Chris ScheelsAugust 5, 2020
Russian Hacker Exposes Pulse Secure VPN Passwords
It’s Past Time to Replace This Antiquated Technology
VPNs continue to create unnecessary risk. There are more effective ways to secure network access implementing the principles of Zero Trust.
We’ve advocated for quite some time that VPNs are insecure and need to be retired. Our blog is full of the reasons why, including a recent post, “Why is Your Network’s Front Door Still Unlocked?” Recent news that a Russian hacker leaked the passwords for more than 900 enterprise Pulse Secure VPNs intensifies the urgency. The problem is serious on multiple levels:
- These enterprises are at immediate risk, since their private networks are now effectively exposed to attackers
- Chances are, these users have re-used passwords for other accounts, which are now also at risk
VPN vulnerabilities are common knowledge. The most recent USCERT Top Ten Routinely Exploited Vulnerabilities (USCERT AA20-133A) highlights that malicious cyber actors are increasingly targeting VPN vulnerabilities.
Major technical flaws of VPNs include:
- Too much network visibility, inviting attackers to their front door
- Default level of access for all when connecting users to the network, exposing a massive attack surface
Along with being inherently insecure, VPNs are expensive to maintain and manage. They gobble up costly network bandwidth, create bottlenecks and slow down data-related operations. They also create an administrative quagmire by requiring tens of thousands of firewall rules to enforce access controls, and the need to apply patches to fix firmware vulnerabilities, like in the case of the Pulse Secure VPNs. A recent study shows that unpatched vulnerabilities are the cause of 60% of breaches. To address patch management effectively costs enterprises an average of $650,000 annually.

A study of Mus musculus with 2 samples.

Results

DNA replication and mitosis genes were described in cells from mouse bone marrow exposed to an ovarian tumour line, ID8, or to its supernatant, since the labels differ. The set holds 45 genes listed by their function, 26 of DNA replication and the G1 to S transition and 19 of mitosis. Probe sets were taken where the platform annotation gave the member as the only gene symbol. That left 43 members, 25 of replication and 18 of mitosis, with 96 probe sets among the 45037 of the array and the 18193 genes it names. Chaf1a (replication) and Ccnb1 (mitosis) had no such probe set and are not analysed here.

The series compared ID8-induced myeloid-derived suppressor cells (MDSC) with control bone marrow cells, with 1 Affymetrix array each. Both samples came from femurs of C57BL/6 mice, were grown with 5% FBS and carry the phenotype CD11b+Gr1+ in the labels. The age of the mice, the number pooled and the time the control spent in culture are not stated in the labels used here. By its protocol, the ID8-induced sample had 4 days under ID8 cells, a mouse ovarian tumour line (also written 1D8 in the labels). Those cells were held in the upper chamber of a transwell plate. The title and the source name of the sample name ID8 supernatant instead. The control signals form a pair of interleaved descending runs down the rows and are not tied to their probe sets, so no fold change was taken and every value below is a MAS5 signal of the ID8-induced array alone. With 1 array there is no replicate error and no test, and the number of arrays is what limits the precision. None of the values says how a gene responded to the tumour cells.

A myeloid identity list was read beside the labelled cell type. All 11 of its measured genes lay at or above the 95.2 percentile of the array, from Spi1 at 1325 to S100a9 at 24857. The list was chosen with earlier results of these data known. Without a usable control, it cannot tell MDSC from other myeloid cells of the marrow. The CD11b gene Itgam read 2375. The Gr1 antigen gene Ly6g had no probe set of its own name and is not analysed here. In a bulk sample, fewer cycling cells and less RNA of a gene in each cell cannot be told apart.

Amid the deafening sound of alarm bells, many enterprises have not replaced VPNs with modern technology. We urge them to take the first step today. There are better and more secure ways to provide users with remote access, without putting your entire organization at risk.
The Software-Defined Perimeter uses a simple cryptographic technique (Single-Packet Authorization) to cloak network entry points. With SDP, broad surface attacks associated with VPNs can’t happen.
With VPNs, access is all or nothing. Once connecting, you can see everything on the network. Conversely, SDP uses the principles of Zero Trust to reduce the attack surface. Unauthorized users will be unable to even see the network entry point, and therefore be unable to connect to it or attack it. SDP achieves this by:
- Building a multi-dimensional profile of a user and device that is authorized before network access is granted
- Dynamically adjusting entitlements based on policy and real-time conditions
- Leveraging micro-segmentation to reduce the attack surface and eliminate lateral movement to all network resources.
Forward-looking enterprises have embraced SDP as a more secure way to secure network access. The fierce urgency of now is evident with the latest news of the Russian hack on Pulse Secure VPNs. You can start now by learning more about SDP.